The AEC Armored Command Truck was a command vehicle that was used by Great Britain during World War II.


The AEC had an AEC engine that was capable of propelling it at speeds of up to 58 km/h. In order to operate at maximum efficiency, the AEC required a crew of up to seven men.

The total weight of the AEC was around 10,500 kg and the total length was 6.32 meters. For crew protection, it had around 12 mm worth of armor. Furthermore, the AEC carried one Bren Mk. II on board to defend against enemy attacks.[1]

The maximum range of the command vehicle was 579 kilometers. Although other forms of battlefield communication were available, such as setting up a headquarters in a captured building, the AEC was different in that a command post could be set up quickly and in around the same amount of time be taken down and moved. The fact that it was mobile meant that it could move along with the troops and it could always act as an observation post.  

The chassis of the "Dorchester" was based on that of the AEC Matador with the few necessary modifications made so that the additional equipment could be added. The vehicle was well-liked by troops and commanders because of its good equipment and reliability in the field. In fact, the vehicle was a luxury for German troops who had captured it.


During World War II, there were only two additional variants of the AEC Command Vehicle. The first was known as the HP or "High Power" thus making the original from 1944 on known as the "LP" or "Low Power". It was a 6x6 design that had new and more powerful engine along with improved radio equipment. Also importantly, the original type of LP and HP was also grouped into the main category of Mk I with the introduction of the Mk II model which had separate radio and commander compartments.[2]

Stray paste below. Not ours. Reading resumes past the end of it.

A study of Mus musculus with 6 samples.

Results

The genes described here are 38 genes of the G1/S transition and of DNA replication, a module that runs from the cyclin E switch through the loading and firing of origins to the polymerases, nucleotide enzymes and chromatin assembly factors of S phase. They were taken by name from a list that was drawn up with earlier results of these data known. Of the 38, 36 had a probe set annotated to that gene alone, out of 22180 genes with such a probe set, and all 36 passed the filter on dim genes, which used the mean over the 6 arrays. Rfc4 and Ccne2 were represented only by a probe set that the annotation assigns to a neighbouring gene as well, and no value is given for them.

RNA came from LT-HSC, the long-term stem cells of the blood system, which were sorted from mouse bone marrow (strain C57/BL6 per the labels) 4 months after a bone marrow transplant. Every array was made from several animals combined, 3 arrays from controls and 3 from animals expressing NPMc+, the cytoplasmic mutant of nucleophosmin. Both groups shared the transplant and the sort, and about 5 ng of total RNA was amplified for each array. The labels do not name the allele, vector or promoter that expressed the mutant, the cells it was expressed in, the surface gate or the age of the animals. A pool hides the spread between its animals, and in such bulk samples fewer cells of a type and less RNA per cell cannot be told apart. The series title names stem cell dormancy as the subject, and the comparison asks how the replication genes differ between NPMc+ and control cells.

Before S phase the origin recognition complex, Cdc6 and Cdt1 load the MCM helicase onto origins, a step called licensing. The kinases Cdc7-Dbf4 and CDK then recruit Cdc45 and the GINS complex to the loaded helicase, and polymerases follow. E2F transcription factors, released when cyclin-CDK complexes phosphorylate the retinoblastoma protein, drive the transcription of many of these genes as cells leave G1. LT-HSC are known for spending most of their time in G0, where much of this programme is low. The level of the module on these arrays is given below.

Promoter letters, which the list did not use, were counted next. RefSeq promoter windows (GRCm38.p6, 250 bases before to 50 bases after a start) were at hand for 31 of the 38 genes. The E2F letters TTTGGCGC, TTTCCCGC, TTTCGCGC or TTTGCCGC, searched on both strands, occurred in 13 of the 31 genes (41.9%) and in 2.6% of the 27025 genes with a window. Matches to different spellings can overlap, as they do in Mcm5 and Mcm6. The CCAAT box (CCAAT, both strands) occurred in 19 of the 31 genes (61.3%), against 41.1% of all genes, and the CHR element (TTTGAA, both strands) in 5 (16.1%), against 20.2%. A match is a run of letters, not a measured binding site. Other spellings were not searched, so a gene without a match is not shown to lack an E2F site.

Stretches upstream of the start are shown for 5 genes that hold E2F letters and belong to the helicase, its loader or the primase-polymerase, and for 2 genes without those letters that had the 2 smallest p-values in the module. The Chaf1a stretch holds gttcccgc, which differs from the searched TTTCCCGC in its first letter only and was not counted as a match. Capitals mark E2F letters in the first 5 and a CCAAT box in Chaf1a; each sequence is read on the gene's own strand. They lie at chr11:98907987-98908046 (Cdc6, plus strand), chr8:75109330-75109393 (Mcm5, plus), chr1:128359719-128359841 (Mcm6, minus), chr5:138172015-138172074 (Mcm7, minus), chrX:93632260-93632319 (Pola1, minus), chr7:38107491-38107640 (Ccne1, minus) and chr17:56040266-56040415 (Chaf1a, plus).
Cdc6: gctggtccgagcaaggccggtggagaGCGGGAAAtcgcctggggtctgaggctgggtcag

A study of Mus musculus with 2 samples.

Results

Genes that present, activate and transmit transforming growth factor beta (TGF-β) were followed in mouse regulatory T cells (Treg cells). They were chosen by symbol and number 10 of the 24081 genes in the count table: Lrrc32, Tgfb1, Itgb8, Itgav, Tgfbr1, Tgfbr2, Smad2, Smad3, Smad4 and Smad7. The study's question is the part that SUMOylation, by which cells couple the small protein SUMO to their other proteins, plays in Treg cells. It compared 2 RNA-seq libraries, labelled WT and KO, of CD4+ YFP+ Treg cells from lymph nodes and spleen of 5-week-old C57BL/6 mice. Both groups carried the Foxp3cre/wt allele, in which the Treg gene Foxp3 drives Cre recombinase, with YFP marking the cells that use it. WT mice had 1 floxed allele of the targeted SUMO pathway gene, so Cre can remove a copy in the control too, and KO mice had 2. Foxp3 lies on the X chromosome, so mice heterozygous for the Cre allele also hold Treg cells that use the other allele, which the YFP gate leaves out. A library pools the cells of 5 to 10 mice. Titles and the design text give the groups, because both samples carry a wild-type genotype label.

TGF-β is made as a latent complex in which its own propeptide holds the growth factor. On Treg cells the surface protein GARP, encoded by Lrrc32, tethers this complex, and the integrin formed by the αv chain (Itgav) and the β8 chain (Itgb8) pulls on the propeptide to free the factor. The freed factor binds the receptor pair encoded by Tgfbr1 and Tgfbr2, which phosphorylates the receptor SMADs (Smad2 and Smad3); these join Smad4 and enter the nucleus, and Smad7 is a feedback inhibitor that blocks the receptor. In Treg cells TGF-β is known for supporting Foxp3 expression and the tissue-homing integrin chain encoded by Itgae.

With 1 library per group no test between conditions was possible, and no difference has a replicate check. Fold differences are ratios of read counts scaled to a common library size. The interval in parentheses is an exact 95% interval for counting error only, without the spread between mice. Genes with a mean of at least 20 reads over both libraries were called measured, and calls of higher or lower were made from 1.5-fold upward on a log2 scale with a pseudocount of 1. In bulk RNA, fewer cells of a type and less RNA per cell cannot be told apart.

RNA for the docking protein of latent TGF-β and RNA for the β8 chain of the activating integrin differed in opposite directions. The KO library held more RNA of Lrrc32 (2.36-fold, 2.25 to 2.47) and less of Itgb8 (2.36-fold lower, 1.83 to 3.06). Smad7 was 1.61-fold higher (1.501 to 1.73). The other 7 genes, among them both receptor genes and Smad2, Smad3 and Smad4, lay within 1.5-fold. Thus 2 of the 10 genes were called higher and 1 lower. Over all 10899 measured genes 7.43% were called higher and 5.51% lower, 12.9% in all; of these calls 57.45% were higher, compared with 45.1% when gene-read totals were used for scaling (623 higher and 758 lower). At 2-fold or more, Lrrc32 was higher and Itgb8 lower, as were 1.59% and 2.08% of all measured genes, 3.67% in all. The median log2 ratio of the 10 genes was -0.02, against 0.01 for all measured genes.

The "Dorchester" was first developed in 1941 as part of Great Britain's series of purpose built command vehicles. It first saw service throughout the North African Campaign and was nicknamed "Dorchester" after a luxury hotel because of comfortable design. Three examples were captured by the Afrika Korps during the campaign and were used by Erwin Rommel for the rest of the campaign. After North Africa, they continued to follow the Royal Army for the rest of the war. In total, around 400 were built.